Newspapers increasingly eliminating copy editors, shifting copy editing duties to reporters

Faced with budget cuts due to declining circulations and ad revenues, newspapers across North America are moving behind paywalls, announcing they are cutting print editions, and laying off employees. When it comes to layoffs, more and more copy editors -- the ones responsible for ensuring grammar and spellings are correct - are getting the short end of the stick, and content producers -- reporters and editors -- are taking over copy editors' former duties.

The Denver Post recently announced that it is eliminating its copy desk entirely. Instead of dedicated copy editors, reporters and assignment editors will be responsible for copy editing duties, which will be spread throughout the newsroom.

And now Canada's leading newspaper publishing company, Postmedia Network Canada Corp., which publishes the Vancouver Sun, the Star Phoenix and the Leader-Post, is not only experimenting with a paywall and suspending publishing Sunday and Monday print editions of various of its newspapers, but also laying off copy editors as it "consolidates" editorial duties, according to Postmedia News.

Meanwhile, the Contra Costa Times announced that it, too, is shifting copy editing duties as part of a digital-first strategy to get copy editing done earlier so content can be published faster, according to Poynter.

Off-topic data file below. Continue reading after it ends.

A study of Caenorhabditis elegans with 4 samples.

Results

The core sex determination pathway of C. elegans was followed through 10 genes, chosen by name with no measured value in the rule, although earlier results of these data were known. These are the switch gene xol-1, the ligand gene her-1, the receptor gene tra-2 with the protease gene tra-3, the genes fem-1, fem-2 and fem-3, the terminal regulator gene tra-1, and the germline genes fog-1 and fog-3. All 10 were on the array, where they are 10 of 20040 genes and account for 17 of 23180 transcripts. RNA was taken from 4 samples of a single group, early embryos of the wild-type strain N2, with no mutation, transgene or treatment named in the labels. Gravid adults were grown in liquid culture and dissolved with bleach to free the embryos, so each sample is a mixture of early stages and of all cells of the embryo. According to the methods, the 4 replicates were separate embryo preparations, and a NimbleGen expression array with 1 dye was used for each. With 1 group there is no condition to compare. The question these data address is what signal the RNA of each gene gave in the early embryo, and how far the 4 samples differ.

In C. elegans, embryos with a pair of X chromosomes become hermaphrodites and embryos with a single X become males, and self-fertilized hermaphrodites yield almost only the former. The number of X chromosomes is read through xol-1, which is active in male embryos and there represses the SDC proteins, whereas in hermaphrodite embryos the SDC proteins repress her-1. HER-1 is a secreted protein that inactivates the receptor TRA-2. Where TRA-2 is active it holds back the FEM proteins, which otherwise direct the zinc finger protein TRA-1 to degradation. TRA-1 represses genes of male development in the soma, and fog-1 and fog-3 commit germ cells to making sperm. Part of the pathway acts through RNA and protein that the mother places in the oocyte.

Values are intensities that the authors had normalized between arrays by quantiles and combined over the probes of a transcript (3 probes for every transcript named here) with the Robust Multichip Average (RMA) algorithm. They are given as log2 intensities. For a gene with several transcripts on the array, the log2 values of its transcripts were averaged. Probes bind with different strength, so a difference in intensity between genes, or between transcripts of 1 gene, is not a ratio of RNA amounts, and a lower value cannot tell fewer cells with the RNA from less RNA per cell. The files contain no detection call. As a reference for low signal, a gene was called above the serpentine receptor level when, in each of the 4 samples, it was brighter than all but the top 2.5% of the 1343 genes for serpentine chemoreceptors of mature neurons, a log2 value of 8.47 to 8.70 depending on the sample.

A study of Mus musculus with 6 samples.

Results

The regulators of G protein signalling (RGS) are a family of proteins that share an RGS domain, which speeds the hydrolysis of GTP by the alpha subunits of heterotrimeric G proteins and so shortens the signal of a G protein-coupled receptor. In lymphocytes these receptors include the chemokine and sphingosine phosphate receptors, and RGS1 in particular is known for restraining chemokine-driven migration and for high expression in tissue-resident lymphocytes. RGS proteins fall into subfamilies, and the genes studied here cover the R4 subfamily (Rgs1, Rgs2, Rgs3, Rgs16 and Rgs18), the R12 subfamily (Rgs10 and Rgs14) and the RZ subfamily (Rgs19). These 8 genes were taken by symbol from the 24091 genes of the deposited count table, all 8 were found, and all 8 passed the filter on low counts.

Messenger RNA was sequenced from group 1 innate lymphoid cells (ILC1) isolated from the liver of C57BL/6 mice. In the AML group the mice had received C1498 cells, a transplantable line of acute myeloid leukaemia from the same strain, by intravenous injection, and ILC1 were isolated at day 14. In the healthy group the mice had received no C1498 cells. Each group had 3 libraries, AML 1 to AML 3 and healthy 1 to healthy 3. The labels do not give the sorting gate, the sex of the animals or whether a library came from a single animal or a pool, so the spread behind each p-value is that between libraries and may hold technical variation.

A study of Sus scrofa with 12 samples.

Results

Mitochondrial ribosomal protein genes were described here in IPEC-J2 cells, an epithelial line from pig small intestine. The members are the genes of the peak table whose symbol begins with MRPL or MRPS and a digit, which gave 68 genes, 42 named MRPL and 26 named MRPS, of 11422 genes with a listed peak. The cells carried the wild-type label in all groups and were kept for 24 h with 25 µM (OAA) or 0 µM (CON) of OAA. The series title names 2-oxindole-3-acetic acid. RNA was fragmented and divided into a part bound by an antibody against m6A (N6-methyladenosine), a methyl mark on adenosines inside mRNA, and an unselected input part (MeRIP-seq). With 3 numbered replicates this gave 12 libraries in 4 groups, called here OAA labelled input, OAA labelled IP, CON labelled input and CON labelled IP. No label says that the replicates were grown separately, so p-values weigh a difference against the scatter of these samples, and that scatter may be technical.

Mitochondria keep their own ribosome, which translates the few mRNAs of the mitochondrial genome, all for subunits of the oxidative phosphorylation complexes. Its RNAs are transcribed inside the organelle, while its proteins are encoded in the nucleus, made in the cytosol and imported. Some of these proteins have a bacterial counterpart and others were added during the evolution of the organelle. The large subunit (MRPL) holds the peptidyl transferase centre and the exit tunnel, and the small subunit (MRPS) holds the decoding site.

Similarly, earlier in May the Salt Lake Tribune said it is laying off copy editors as part of a newsroom restructuring, in which "copy-editing and page-design functions, along with some copy editors and designers, will be integrated with existing news-gathering and content-producing teams."

As Steve Myers of Poynter points out, these "new approaches have more in common with Web publishing than the old systems." Still, less copy editing most likely will mean more errors.

Even without the copy editing reductions in full effect, the Denver Post misspelled "spiral" in a headline recently, and Canada's National Post mistakenly ran the answers to that day's crossword puzzle, just the day after Postmedia announced its copy editing layoffs.


Jerry DeMuth wrote 5 years 44 weeks ago

Copy editor elimination

Often when reading news stories I get thrown off by bad grammar, bad punctuation, bad spelling, etc. and lose focus. I've also been side-tracked by factual errors, such as a story that said that JPMorgan Chase's hedging loss was caused by a rogue trader. A copy editor would correct all these errors.

As a journalist, I often am amazed at what a good editor will catch, and what I missed during my own frequent edits. I can't help but focus on organization, flow, rephrasing for clarity and conciseness, et cetera, no matter how many times I "edit" my own writing, and thus don't catch everything I should. That's what copy editors are for.

And then there's headline writers, a special art in itself. Are reporters now supposed to be responsible for that too? Who can forget the New York Daily News "Drop Dead" headline? Would any reporter write a headline that declaritive?

Guest wrote 5 years 47 weeks ago

Copy editing elimination

The results of this reduction are hardly surprising. As a veteran copy editor who later taught editing at the university level, I am very aware of how often copy editors catch errors, not to mention simply improving the quality of the writing. Much of the time, reporters are the least experienced newspeople in the organization, and the copy editors are the folks with the broad knowledge and experience to recognize potential mistakes. Some errors are merely embarrassing, others can be damaging. We're going to see a lot more of both.